Samantha De Bono Counselling Bromley

Bromley & Harley Street

tel: 07588 931 401


A person with BPD actually craves and desperately wants a good relationship but the reason they don't get this need met, is because they unconsciously sabotage any positive relationships they have. Why? Because above all else, people with BPD fear abandonment and when a relationship cannot fill their emptiness or fulfil all their desperate needs, it confirms to them that they will never really be loved, they tend to believe then, that there is only one thing that could possibly happen from here… Abandonment.

Sabotaging the relationship feels less terrifying than being left alone again and generally speaking, this isn't done maliciously, but is born from fear.

The person on the receiving end of BPD mood swings are met with disappointment and rage which can be hurtful and confusing, but people with BPD don't think about the effects of their behaviour at the time and live primarily in a reactive state. They are impulsive and irresponsible, and behaviours such as drug and/or alcohol abuse, gambling, sexual promiscuity, self injury and suicidal behaviour are not uncommon.

The person with BPD can show rapid mood swings such as happiness, anger, hurt, calmness and rage all within the same day or even the same hour, which makes living with this person exceptionally difficult.  Partners and loved ones of people with BPD describe it as living with a timebomb, or never knowing what will happen next and feeling constantly anxious.

If you are in a relationship with a person with BPD, no doubt you want to love them and to feel loved by them, so learning about the disorder can be helpful. Understanding the disorder will help you gain clarity on the ever-changing state of your relationship, but this does not mean you should have to accept what it's doing to your personal well-being. You are not their therapist and nor should you be, as this could make things far worse because taking any kind of responsibility for a person BPD is likely to end up in you being to blame.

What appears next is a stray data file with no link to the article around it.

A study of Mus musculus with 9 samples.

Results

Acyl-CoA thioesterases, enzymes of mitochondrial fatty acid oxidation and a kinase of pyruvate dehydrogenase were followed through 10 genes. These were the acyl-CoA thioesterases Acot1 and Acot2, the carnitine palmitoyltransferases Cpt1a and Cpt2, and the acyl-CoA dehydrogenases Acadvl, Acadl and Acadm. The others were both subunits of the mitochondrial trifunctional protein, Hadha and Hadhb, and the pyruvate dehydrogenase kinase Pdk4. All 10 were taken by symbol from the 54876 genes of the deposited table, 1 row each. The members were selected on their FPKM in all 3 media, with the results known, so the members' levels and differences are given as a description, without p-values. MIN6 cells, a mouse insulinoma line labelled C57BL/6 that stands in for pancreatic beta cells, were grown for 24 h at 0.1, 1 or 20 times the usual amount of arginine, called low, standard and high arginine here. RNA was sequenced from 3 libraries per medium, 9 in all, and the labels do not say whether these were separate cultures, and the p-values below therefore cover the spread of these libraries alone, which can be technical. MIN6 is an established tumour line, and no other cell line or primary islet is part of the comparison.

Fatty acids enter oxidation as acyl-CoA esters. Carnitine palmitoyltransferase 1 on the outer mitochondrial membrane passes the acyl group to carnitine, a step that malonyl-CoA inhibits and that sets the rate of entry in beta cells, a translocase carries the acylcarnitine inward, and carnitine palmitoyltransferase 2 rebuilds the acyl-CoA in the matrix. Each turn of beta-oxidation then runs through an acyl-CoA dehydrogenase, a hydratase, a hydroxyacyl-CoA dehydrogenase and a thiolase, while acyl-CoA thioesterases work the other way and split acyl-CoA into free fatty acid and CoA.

Speaking of therapists, it might be helpful for you to see one yourself for support.  Being in a relationship with a person with BPD is often chaotic and can cause you to feel confused, so speaking to someone who understands what you are likely to be going through can help you to keep in touch with reality.

It is important not to take their behaviour personally. Understand that it is hard to control BPD emotions and they are unlikely to get back on a level ground for sometime once they have unleashed their extreme emotions and you are likely to be mistreated by your partner. Having said that, just because your partner has BPD does not mean you should allow yourself to be abused emotionally, mentally or physically.

Having BPD does not make it acceptable to abuse. So if you are experiencing the effects of a BPD relationship, speak to someone impartial and set boundaries in your relationship and don't allow your partner to break them down. You are a person too. You deserve respect and regard and to feel loved. Nothing should detract from that.